I’m a sucker for time travel stories, as I’ve written about before. But after reading Connie Willis To Say Nothing of the Dog some years ago, I discovered that my time travel stories must be literate as they are entertaining. Another words, an author who actually understands time travel and tries to explain its potential paradoxes and does not use it as a mere prop to their stories.
Part of the enjoyment of Spanish author Felix J. Palma’s The Map of Time is how much enjoyment he gets out of making time travel work in 1896 and then pulling the rug out from under his readers.
The book is essentially three novellas connected by The Time Machine author H.G. Wells. It begins in 1896 with a character named Andrew Harrington –an annoying personality of utter self-pity that made the early chapters tedious to get through-who is planning to kill himself 8 years after his prostitute girlfriend is last victim of Jack the Ripper (even though this is science fiction, I find the idea of some upper crust person that Harrington is supposed to be would’ve fallen in love –and paid again and again- to spend time with a prostitute with a heart of gold not to be that believable). But is prevented by doing so by his cousin Charles, who tells Andrew there is a way to save his beloved. And that way? Time travel via Murray’s Time Travel company.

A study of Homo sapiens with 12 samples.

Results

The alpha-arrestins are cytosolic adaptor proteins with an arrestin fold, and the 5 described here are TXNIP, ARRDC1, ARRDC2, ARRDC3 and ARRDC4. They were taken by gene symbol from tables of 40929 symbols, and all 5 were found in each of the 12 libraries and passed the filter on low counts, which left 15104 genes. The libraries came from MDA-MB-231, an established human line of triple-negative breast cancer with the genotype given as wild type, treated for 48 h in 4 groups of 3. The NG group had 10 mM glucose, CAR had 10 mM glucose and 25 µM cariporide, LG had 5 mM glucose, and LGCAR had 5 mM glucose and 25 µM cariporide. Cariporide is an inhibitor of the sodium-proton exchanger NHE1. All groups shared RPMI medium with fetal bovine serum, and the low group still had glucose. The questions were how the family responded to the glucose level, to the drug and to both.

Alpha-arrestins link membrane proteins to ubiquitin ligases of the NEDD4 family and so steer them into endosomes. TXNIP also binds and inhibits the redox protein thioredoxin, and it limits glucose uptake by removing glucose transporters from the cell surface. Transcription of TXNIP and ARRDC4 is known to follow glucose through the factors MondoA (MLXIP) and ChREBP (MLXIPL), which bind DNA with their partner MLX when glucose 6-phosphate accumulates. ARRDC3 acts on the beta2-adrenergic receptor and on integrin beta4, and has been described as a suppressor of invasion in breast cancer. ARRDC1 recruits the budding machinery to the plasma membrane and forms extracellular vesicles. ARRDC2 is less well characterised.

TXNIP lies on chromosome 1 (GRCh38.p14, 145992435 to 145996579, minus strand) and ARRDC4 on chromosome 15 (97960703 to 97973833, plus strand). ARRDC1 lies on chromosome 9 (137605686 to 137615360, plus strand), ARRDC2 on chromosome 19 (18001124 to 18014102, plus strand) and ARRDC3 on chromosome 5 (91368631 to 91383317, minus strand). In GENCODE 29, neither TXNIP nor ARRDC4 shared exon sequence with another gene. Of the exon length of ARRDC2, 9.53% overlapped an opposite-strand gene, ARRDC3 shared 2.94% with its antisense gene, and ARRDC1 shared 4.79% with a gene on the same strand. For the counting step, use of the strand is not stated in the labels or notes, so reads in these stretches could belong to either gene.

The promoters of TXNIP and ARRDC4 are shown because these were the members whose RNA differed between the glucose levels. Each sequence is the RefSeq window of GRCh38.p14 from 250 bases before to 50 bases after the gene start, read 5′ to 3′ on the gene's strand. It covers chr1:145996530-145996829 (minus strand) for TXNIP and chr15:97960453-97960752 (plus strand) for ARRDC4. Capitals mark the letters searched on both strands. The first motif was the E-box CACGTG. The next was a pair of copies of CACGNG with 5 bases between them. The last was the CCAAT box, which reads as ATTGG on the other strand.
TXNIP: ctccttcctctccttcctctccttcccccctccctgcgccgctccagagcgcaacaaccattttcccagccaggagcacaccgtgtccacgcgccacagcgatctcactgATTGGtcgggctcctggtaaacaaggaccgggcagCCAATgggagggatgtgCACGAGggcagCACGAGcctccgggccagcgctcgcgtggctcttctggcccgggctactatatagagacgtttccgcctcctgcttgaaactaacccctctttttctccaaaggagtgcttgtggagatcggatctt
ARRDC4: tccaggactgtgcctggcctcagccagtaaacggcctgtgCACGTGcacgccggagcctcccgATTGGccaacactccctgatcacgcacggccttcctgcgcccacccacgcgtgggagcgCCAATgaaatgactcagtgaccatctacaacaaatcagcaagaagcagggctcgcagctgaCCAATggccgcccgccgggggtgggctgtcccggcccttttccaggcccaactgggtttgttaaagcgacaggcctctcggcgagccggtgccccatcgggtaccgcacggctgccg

In the wake of the success of Wells’ The Time Machine, many publishers are trying to capitalize on the fascination of time travel along with a man named Gilliam Murray, who can open a portal to the 4th dimension and travel to the year 2000 and witness the final battle between the humans and the automatons that have enslaved the future. But Murray informs Andrew that his “machine” can only travel to the future –May 10, 2000- and not the past. But while Andrew is disappointed, Charles then hatches an idea that includes a visit to H.G. Wells, who for reasons that will not be explain until later, has that same time machine he described in his book sitting in his attic.
The second part deals with a woman who feels out of time in Victorian London and dreams of a future where she can choose whom she wants to be –and it’s clear that Palma is riffing on The Time Traveler’s Wife and even the Terminator in this segment. Meanwhile, the third part tells a tale of a Scotland Yard inspector who is trying to find a killer who seems to be offing his victims with something that looks like a heat ray. Which then begs the question, how do you arrest someone who hasn’t been born yet?
Yes, the book is extremely metafictional, which may dissuade hard core science fiction fans, but Palma writes with such zeal and panache, I ended up enjoying the book way too much. I mean, where else can you read a tale where Victorian characters spout off about parallel universe, about how and if you can change the past, and what would you do if you continued to go same time in future, would you eventually meet a version of you? Palma also references Doctor Who, Time Bandits (and Terry Gilliam), Jules Verne and even Planet of the Apes. There was even a part towards the end where I thought Palma was going to drag out a certain Doc Brown and his time traveling car.